KUNDUZ , Afghanistan, Oct. 3 (UPI) — Taliban insurgents launched a coordinated attack Monday morning on Kunduz, Afghanistan, a city it briefly held last year, police said.
The assault came from four directions before the militants entered the city. Residents attempted to leave the city, and shops were closed as Afghan military helicopters circled the city, some traveling to within 1 mile of the governor’s compound. There were no reports of casualties. Gunfire was heard throughout Kunduz, a northern Afghanistan city of about 270,000 people, which experienced sporadic bouts of heavy fighting all summer.
Civilians were reported in the crossfire of the battles, and both Taliban and Afghan homes were commandeered to use in fighting the other side. One resident, Sardar Murady, said the Taliban “told us not to lock the gates to our houses,” The New York Times reported.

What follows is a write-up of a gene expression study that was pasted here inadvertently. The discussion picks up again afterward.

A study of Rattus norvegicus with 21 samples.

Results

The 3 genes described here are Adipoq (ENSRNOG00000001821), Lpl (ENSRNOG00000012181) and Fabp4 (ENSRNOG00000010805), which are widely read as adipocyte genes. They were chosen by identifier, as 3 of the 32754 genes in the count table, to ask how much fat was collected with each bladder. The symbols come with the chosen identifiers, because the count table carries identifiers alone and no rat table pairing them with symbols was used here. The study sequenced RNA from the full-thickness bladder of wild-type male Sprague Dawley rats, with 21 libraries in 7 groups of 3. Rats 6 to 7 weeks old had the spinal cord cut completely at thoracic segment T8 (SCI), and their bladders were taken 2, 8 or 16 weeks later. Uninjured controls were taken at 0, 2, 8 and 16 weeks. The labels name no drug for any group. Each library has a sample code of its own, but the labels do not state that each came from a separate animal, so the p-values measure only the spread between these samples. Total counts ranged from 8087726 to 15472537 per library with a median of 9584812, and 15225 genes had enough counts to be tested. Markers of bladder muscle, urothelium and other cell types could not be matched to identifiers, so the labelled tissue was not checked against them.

“We are putting all our efforts together to push them back,” said Sheer Ali Kamal, commander of the Kunduz police zone.
The Afghan Interior Ministry and the American-led NATO mission downplayed fears that the city was on the verge of again falling to the Taliban. Coalition spokesman
Gen. Charles Cleveland said, “We are aware of reports of ongoing sporadic fighting in Kunduz and are coordinating closely with our Afghan partners to assist, and adding no evidence “to support the reports that Kunduz is under significant attack” has been observed.
The attack on Kunduz came as Taliban forces increased operations in various sections of Afghanistan, including the southern province of Helmand; an assault on the provincial capital of Lashkar Gah has been in progress for weeks.